A new vision for agriculture
momagri, movement for a world agricultural organization, is a think tank chaired by Christian Pèes.
It brings together, managers from the agricultural world and important people from external perspectives,
such as health, development, strategy and defense. Its objective is to promote regulation
of agricultural markets by creating new evaluation tools, such as economic models and indicators,
and by drawing up proposals for an agricultural and international food policy.
A look at the news

Transatlantic Partnership: “Europe is open for business1”, yes but to what extent?

November 2nd, 2015

Following his statement on the ViEUws web-TV channel, which was deemed scornful towards European farmers, Mr. Hogan is again getting noticed with his remarks during the 11th round of TTIP talks.

“We do not have any major red lines, but we need to address some issues regarding geographical indications for five member states if we want their support,” said Hogan when speaking on the agricultural issue of the Transatlantic Partnership.

If we had to interpret Mr. Hogan, he would be ready to turn agriculture into an adjustment variable to reach some progress on the TTIP negotiations, which he hopes to be settled before the end of 2016, that is to say before the American presidential elections. Yet, while he admits that the conclusion of the agreement will not be achieved at any price, the mere fact of stating that there are no major hurdles on the agricultural issue is enough to wave the red flag.

How can one make such claims when Washington is far from accepting the same compromises as Brussels does, especially concerning the market access to European beef, or additional tariffs on European butter and cream exports?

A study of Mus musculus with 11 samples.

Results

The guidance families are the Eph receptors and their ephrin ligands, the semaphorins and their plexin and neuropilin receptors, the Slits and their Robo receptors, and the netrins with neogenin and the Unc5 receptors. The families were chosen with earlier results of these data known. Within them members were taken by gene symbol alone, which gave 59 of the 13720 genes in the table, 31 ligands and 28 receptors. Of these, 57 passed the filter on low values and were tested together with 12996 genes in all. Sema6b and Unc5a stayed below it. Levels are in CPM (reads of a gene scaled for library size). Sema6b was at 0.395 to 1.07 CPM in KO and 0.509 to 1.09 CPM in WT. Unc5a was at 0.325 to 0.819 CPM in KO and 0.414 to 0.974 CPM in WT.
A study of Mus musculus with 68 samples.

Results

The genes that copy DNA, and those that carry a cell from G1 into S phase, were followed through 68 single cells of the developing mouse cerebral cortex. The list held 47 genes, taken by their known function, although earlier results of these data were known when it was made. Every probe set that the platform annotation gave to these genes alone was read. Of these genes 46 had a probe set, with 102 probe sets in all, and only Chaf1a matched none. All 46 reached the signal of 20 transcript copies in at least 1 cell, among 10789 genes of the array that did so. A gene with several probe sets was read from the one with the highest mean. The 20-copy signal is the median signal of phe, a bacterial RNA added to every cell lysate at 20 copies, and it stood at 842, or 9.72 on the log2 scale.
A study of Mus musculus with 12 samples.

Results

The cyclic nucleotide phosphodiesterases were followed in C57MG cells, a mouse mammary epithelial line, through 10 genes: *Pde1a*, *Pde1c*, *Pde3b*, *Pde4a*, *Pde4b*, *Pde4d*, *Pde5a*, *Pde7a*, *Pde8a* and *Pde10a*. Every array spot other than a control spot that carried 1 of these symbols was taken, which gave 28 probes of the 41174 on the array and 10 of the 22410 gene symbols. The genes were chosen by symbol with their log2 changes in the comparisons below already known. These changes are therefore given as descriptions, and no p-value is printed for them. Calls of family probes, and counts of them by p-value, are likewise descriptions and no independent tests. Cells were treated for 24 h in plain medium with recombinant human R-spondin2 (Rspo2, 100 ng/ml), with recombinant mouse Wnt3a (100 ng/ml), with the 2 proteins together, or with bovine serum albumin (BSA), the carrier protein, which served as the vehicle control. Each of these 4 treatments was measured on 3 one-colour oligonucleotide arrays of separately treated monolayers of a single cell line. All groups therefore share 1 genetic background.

While we must refrain from an anti-TTIP “fundamentalist approach”––to use the expression used by MEP Paolo de Castro––on which impact study can we rely to support the existence of substantial gains for European agriculture and consumers from a transatlantic partnership?

Are we really prepared to sacrifice the future of European food self-sufficiency in the name of the transatlantic partnership, even though they would help the United States and Europe to stand up to Brazil or China?

Without abandoning the TTIP project, it is urgent to implement a multilateral and transparent framework for the partnership, and outline a European strategic course capable of providing the European Union with the credibility, the framework and the cohesion that will be required to negotiate with the United States.

Because in this frantic race, the European Union eventually runs the risk to sink not only its social and environmental blueprint but also its agricultural model that is already weakened by the extreme volatility and a common agricultural policy disconnected from European and global agricultural issues.

1 Phil Hogan’s statement while visiting the US in March 2015.